Father Wolf Turns 80

My father and I, Easter Sunday 1967.

My father and I, Easter Sunday 1967.

Today my father, George, marks his 80th birthday.  As I stated last month when my mother turned 80, that’s still a remarkable accomplishment.  My father was born and raised in Dallas; the middle of seven children.  On his father’s side, our ancestry dates back to late 16th century Texas; something we’d known about for years, but which he’s confirmed through his extensive genealogical research.

As you might expect, my father is kind of old school.  He comes from an era when family was sacred and hard work was revered.  People took care of themselves and their loved ones in his day, and they didn’t play the victim when things didn’t work out just right.  He worked hard – too hard – all his life and, along with my mother, built a comfortable middle class lifestyle.  He also a typical dad; doing things that only a father would do.  When I was about three months old, my parents ran out of baby formula just as a major ice storm hit Northeast Texas.  My father simply got dressed and walked a couple of blocks to a nearby convenience store.  He thought nothing of it; what else was he supposed to do?  He also thought nothing of standing on his feet several hours a day, slaving over hot printing presses in a dingy shop in downtown Dallas for more than 40 years.  He’s paid for it with bad knees and gnarled toes.  But, that’s what men of his generation did.  They worked hard and took care of their own without question.  Society doesn’t seem to produce men like my father anymore – at least not in great numbers.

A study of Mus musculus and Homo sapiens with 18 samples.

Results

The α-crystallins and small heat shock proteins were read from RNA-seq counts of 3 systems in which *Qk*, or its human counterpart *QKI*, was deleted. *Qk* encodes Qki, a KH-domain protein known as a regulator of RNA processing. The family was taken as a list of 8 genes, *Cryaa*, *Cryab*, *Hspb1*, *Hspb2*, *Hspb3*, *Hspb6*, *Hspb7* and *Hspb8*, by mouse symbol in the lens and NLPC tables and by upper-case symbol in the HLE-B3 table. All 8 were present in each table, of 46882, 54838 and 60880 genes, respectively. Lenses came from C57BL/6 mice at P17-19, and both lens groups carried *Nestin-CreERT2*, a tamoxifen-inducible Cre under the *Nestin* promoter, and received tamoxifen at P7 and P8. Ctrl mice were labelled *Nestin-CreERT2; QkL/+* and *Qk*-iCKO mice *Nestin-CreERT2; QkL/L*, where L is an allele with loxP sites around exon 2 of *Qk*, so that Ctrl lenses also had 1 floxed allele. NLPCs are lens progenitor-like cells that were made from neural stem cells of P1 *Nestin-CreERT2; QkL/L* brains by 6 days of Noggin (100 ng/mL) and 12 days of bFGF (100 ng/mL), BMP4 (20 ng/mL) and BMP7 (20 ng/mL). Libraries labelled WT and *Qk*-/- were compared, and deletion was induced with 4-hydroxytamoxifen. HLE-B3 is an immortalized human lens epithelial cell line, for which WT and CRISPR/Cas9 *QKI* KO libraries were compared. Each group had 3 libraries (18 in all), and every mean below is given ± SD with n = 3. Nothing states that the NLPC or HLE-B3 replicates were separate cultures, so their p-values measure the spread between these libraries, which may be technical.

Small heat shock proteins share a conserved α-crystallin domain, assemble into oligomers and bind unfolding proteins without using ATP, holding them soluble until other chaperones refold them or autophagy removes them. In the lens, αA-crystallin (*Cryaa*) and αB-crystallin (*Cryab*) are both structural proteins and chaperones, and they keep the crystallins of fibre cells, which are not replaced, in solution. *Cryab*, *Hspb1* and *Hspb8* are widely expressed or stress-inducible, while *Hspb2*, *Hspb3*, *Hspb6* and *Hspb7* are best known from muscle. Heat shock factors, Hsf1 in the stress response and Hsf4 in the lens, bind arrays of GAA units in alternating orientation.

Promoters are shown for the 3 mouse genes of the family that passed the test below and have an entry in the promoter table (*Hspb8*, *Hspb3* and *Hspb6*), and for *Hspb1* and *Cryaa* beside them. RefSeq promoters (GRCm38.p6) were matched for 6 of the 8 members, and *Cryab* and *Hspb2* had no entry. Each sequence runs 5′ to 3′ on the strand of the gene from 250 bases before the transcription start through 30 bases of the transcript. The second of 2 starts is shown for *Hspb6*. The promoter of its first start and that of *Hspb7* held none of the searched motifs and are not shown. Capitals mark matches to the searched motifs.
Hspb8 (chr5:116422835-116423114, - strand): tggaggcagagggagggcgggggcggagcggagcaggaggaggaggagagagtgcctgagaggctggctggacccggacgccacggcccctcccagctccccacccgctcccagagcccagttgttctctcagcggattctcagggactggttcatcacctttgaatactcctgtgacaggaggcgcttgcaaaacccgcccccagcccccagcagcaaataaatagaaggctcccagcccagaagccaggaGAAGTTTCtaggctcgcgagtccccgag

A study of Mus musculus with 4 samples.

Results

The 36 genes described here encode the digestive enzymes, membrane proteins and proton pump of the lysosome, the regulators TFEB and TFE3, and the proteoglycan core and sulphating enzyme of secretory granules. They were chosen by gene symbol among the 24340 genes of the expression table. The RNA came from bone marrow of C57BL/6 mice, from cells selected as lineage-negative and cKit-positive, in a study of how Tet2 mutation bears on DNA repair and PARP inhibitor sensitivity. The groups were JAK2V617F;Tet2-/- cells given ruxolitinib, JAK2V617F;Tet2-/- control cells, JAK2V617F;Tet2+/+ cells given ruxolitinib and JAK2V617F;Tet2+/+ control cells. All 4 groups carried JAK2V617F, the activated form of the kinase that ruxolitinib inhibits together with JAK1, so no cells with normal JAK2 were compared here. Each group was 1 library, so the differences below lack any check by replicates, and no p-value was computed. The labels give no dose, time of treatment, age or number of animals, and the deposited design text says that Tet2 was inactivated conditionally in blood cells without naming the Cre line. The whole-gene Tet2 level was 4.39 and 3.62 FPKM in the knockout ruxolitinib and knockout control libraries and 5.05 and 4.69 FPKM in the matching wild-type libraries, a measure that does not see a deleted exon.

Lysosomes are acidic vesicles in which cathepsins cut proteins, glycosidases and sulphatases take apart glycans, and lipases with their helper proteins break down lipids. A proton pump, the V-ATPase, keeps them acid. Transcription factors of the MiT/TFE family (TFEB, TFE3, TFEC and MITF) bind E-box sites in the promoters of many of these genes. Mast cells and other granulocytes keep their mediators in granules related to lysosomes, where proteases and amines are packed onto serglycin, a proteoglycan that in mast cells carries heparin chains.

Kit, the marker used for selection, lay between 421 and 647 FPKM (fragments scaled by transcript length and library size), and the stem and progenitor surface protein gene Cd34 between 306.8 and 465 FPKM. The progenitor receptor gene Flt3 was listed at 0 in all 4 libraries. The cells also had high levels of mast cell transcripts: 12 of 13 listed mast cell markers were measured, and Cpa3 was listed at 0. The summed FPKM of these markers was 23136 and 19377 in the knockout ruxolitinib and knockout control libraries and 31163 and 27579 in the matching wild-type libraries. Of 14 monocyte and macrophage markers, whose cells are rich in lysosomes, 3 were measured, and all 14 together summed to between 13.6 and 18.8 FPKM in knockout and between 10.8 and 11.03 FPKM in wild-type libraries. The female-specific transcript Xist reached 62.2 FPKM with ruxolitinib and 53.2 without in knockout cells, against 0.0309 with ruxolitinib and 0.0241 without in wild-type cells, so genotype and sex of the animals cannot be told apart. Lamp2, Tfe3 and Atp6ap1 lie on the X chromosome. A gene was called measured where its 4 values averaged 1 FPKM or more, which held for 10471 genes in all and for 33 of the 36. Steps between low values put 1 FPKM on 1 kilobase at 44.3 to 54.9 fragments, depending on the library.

Like most Hispanics growing up in old East Dallas, he had it tough.  Classified as “other,” he was occasionally complimented with comments about his fair skin and good looks, as if that made him different, or better.  He told me he once actually got into a fight with a dog in the neighborhood – and won; returning home with a tiny piece of the dog’s ear hanging from the corner of his mouth.  I didn’t know whether or not to believe him – as if I had any reason to doubt him, knowing how mean he could be – until his mother and oldest sister confirmed the story several years ago.  That’s one of those ‘only-my-dad’ type of stories.

So, here’s to my father!  Happy Birthday!  You mean old Mexican!

My father on his 16th birthday, in a picture he gave to his mother.

My father on his 16th birthday, in a picture he gave to his mother.

 

5 Comments

Filed under Essays

5 responses to “Father Wolf Turns 80

  1. Wonderful tribute to your father, Happy Birthday to him

  2. arne Kat

    Congratulations on your father’s birthday!

    On Mon, Jan 14, 2013 at 2:22 AM, Chief Writing Wolf wrote:

    > ** > Alejandro De La Garza posted: ” My father and I, Easter Sunday > 1967. Today my father, George, marks his 80th birthday. As I > stated last month when my mother turned 80, thats still a remarkable > accomplishment”

  3. Hi,
    You write so lovingly of your parents. HAve to say I am jealous. Enjoy them and glad your Dad is a genealogy buff.
    Bettye

    • Yes, my father has been conducting his own genealogical research for more than 20 years. He used to visit a local Mormon Library, since they have a vast archive of historical data. Now, they have everything online, which is perfect for him now that he’s gotten older. I’m trying to savor these moments with both my parents and my dog, as they’re all aging. You never know how much time you have with loved ones.